Fox Facts

Fox with tree

Foxes live an average of four years in the urban setting and usually breed from January to March. Gestation is about 52 days, and six cubs is the average litter size. The parents share duties and the cubs are weaned at about five weeks. Cubs leave their parents in the fall. Adult foxes are usually most active at dawn and dusk, but will often be seen sunning during the day. 

The pups are often active throughout the daytime. Foxes are territorial and a pair will occupy an area of about four square km. Competition for available natural den sites sometimes forces the fox to create a den in a residential area.  The fox is omnivorous. Its diet includes small rodents, amphibians, reptiles and insects, as well as nuts, grasses, vegetables and fruit. Foxes will also go after small domestic animals such as rabbits and cats. During late spring and early summer foxes are seen more often because they hunt and forage more to feed their young.

Across the Greater Toronto Area, foxes have been very successfully vaccinated against rabies since 1989, by the Ministry of Natural Resources. The ministry advises that the removal of foxes from one area will open up territory for unvaccinated foxes to move in and potentially reintroduce the rabies virus.

In the city, foxes will live along the lake shore, beach, ravine and woody stream areas. If left undisturbed, foxes will sometimes make a den in residential areas, under decks or sheds or where there are a lot of bushes or shrubs.

When foxes do not feel threatened by people, they will live near homes and apartments. It is important to know that the only reported, unprovoked attack by a fox on a person was by a rabid fox. Our fox population in Toronto is well protected against rabies. This is especially important because the urban fox is less fearful of people and occasionally may come very near a person.


Enclose areas underneath patio decks and sheds and other places where foxes may make a den. To keep foxes from burrowing under these sites, dig a trench around the base of the structure and use galvanized heavy wire screening as a prevention skirt. The screening should go at least 20 to 30 cm. straight down and 20 to 30 cm., angled 90° outwards underground. Backfill the area with dirt. If you pile rocks or other items over this area against the structure, the animal can burrow around the wire mesh barrier.

  • Closely watch small, domestic pets when they are outdoors, or, keep them inside.
  • Get rid of piles of rock, wood or debris. These attract small animals such as mice.
  • Foxes will eat garbage and pet food left outdoors.
    • Take your green bin and garbage containers to the curb on the morning of pick-up.
    • Use composers that are enclosed (rodent-proof).
    • Do not place pet food outside.
    • If you feed birds, the seeds can attract squirrels, which foxes prey on. 
    • Keep small pets indoors, especially cats and rabbits.
  • In early spring, spend more time in your back and side yards. Foxes will be more likely to visit or look for den sites near a home where people stay indoors most of the time.
  • If you see a fox in your yard, make loud noises directed at the animal. To chase the fox away, spray it with a garden hose. Loud noises and a squirt from a hose will not physically harm the animal but will make it feel unwelcome.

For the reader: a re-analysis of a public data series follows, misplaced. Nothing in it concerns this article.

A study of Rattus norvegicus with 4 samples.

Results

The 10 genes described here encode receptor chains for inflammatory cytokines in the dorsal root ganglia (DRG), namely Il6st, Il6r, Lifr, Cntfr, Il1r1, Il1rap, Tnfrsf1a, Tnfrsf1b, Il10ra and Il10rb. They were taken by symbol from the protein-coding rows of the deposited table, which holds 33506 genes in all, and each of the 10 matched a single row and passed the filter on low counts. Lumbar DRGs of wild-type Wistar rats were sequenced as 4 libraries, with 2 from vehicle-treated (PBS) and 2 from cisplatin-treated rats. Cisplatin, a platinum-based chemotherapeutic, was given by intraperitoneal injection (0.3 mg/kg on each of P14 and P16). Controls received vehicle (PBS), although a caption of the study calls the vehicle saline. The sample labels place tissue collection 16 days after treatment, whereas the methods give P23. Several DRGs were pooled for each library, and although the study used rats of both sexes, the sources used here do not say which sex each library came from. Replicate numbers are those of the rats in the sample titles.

Evicting a Den of Foxes

Keeping these animals from moving in should be your first step, but the following ideas will help discourage and evict unwanted foxes:

  1. If you are not sure foxes are using a den site, look for fox fur and food remains nearby.
  2. Encourage foxes to leave on their own by making the den site unlivable.
    • Dig up the ground around entrances to the den.
    • Play a transistor radio tuned to a talk station at the entrance to the den. Turn the volume up loud.
    • Place dog hair in and around the site.
    • Place dog or human urine soaked rags in and around the den.
  3. When you are sure eviction is complete:
    • Secure the hole to prevent re-entry. Make sure that all boards or galvanized heavy wire screening extend at least 20 to 30 cm straight down and 20 to 30 cm angled 90° outwards underground (see diagram of prevention skirt). Foxes are excellent diggers and continuing the barrier at a 90° angle makes it much more difficult to dig under. Tip: using wire is better, foxes give up sooner.
    • Backfill the area with dirt.
    • Repair siding and holes in buildings.
    • Place wood or wire screening around the base of porches and buildings as a prevention skirt. Ensure that you cover these areas to at least 20 to 30 cm straight down and 20 to 30 cm angled 90° outwards underground.
    • Eliminate piles of rock or debris and stack woodpiles neatly to eliminate holes.

Trapping, Hunting and Poisoning

Live trapping using a humane trap has proven to be ineffective with foxes. Leg hold traps may only be operated by Ministry of Natural Resources licensed trappers. Illegal use of leg hold traps, discharge of firearms or use of poison can result in criminal charges and fines up to $5,000.

Unusual Behaviour

Foxes that are protecting their young, or injured and sick foxes, may behave strangely. If you see a fox growling and attempting to attack people, larger animals or inanimate objects, call 311. 

Also see how to wildlife-proof your home.